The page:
Why Hoekstra Super Bowl Ad is Racist

debbiespenditnowGOP senatorial candidate Pete Hoekstra ran/is running a seriously racist ad against incumbent Debbie Stabenow in Michigan.  It’s not that I don’t understand the point of Hoekstra’s ad – obviously, he believes that Stabenow is pouring money into China’s economy by spending too much, but everything about this ad loses that point because of its over-the-top images  and racial insensitivity.

There is a video embed of the commercial at the end, but here’s the text:

Thank you, Michigan Senator Debbie Spenditnow. Debbie spends so much American money. You borrow more and more from us. Your economy get very weak. Ours get very good. We take your jobs. Thank you, Debbie Spenditnow.

Let me point out a few things:

  • The Gong: It starts with a gong.  Yes.  A Gong.  Let me reference the aptly named Oriental Riff entry in Wikipedia: “The Oriental riff, also known as the Asian riff or the Chinese riff, is a musical riff or phrase that has often been used as a trope or stereotype of orientalism in Western culture to represent the idea of the Orient, China, Japan or a generic East Asian theme by Western culture. The riff is sometimes accompanied by the sound of a gong.”  Having listened to copious amounts of Chinese pop music, I can tell you based on my experience that there is a certain lack of gong.
  • FileAodai-nonla-cropWrong Setting: If Hoekstra is trying to insinuate that money is being funneled into China, why is the spokesperson a girl riding a bike in the rice paddies?  This doesn’t conjure images of affluence or wealth – it draws on stereotypes of how people view “Asia” – the continent, not the diverse groups of cultures and countries that make up that continent.  Additionally,  with her white pants, 3/4th sleeve shirt, and hat – this actually conjures more connections with a traditionally dressed Vietnamese young woman.   Despite many years of rule by China, Vietnam is not China.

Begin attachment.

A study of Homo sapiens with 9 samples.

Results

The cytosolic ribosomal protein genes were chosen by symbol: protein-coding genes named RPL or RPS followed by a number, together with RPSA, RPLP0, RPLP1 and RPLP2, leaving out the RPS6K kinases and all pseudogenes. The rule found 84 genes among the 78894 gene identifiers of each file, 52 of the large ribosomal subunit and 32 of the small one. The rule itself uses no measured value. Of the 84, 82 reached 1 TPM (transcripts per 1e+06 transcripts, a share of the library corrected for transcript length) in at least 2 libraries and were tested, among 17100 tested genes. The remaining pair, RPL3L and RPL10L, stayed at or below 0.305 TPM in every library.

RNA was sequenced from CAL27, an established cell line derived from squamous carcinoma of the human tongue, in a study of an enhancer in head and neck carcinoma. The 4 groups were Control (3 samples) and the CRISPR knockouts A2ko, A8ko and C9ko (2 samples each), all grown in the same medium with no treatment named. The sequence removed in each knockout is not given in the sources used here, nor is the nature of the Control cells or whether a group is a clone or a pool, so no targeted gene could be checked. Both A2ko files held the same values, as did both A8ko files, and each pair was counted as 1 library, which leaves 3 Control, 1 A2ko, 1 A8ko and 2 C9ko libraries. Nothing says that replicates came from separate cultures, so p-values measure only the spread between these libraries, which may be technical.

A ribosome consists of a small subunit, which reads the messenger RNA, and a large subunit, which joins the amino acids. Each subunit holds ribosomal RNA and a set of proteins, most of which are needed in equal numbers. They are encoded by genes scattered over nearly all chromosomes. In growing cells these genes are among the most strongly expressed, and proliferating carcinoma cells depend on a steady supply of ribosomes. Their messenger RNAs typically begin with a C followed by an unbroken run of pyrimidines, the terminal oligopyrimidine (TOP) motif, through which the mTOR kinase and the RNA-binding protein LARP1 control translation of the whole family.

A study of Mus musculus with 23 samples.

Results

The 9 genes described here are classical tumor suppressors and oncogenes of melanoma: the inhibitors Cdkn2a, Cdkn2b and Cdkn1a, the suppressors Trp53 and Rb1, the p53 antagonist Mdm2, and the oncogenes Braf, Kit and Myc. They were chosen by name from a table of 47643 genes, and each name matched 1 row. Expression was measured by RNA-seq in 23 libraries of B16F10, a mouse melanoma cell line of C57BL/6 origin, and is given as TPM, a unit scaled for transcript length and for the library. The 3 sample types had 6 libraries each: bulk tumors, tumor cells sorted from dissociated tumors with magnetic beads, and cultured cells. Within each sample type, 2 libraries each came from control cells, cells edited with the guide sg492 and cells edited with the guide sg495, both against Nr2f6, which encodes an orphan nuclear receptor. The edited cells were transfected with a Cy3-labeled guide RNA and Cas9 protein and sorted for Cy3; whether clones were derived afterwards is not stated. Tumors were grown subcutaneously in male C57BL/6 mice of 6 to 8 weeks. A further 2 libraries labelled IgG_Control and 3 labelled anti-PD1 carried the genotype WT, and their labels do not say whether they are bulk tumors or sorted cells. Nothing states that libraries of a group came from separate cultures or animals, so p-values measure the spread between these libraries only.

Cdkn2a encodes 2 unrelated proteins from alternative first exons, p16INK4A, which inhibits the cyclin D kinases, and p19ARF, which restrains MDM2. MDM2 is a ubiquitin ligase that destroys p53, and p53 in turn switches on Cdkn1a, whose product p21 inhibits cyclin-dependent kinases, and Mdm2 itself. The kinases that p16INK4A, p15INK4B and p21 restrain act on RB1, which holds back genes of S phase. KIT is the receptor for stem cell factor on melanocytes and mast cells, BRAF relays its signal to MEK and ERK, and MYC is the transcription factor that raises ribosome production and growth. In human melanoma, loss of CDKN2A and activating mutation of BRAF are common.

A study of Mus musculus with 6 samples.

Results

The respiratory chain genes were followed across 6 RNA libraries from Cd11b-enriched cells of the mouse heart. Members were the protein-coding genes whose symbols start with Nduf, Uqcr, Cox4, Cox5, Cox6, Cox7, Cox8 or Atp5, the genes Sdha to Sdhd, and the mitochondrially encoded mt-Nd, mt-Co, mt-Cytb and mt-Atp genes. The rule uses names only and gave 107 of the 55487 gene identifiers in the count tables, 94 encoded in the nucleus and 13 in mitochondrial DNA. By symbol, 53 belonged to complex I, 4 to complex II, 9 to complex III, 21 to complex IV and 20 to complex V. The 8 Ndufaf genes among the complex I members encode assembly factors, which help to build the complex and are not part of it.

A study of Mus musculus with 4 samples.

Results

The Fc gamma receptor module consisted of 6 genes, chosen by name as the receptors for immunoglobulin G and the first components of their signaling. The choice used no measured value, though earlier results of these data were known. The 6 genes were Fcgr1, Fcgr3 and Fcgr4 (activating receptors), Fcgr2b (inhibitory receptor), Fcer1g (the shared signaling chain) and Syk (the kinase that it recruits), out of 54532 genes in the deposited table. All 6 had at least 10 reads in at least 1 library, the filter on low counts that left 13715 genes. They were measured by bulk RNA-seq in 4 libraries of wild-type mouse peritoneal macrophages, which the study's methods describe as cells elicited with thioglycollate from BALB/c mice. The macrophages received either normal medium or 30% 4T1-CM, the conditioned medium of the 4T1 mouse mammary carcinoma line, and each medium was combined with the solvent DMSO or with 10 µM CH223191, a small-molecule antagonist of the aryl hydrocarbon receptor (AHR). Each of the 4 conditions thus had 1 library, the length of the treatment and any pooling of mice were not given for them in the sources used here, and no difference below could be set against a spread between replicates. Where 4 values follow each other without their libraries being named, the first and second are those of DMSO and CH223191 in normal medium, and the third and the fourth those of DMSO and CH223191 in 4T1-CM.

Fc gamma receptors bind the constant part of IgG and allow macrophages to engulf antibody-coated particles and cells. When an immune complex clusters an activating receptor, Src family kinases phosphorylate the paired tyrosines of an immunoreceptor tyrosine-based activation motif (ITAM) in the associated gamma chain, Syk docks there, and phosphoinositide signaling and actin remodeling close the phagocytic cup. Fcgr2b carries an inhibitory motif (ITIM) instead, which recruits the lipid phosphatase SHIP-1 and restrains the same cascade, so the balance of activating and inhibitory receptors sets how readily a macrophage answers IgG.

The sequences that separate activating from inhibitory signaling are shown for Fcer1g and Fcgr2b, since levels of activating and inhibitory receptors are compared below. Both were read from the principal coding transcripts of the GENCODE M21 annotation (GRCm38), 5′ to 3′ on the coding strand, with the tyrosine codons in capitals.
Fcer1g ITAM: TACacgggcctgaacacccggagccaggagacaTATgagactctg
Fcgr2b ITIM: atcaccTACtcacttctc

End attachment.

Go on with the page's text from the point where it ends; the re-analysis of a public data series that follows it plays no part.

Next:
• Broken English: Just because the girl is from China doesn’t mean that she necessarily speaks broken English.  English is a global language, spoken by many people throughout the world.  While some might speak it with an accent or not very well, there are also very many people capable of speaking it correctly and well.  Hoekstra argues that

    The fact that a Chinese girl is speaking English is a testament to how they can compete with us, when an American boy of the same age speaking Mandarin is absolutely insane, or unthinkable right now. (Politico)

    Hoekstra must have missed out on this 2007 article of As China booms, so does Mandarin in U.S. schools or perhaps the fact that there are many Chinese-Americans who are bilingual?  Or did he not think of Chinese-Americans when he was talking about “American” boys and girls?

Most of today, I’ve been saying that Hoekstra did not get the memo that we are in 2012 – not 1912.   But the more I let this run through my brain, the more I couldn’t help but consider, who else did not get this memo?  How many people saw this ad before it ran?  Pete Hoekstra did not single-handedly film and air the commercial.  How many people worked on this “script”?  Filmed this commercial?  Saw the ad, approved it, praised it?  How many people were also involved in creating the DebbieSpendItNow.com website that is worse than this commercial?  The website that features “Asian” font, the phrase “The Great Wall of Debt”, and contains images of dragons, lanterns, and tea.  (As my co-worker pointed out, tea is served in England as well.)

The fact that this went from concept to launch (and is still going…) says something to me about a lack of cultural sensitivity and, moreover, a lack of understanding about America.  We are home to so many different peoples and cultures.  I do not see that as a weakness.  Feeding into negative stereotypes about those different peoples and cultures is a weakness.  Such actions reflect a lack of depth, a lack of consideration – especially as a politician that is supposed to represent the needs of the people.

Hoekstra may have thought he was attacking a candidate in his ad, but really he was attacking a culture and its people – a great many of whom live in the United States.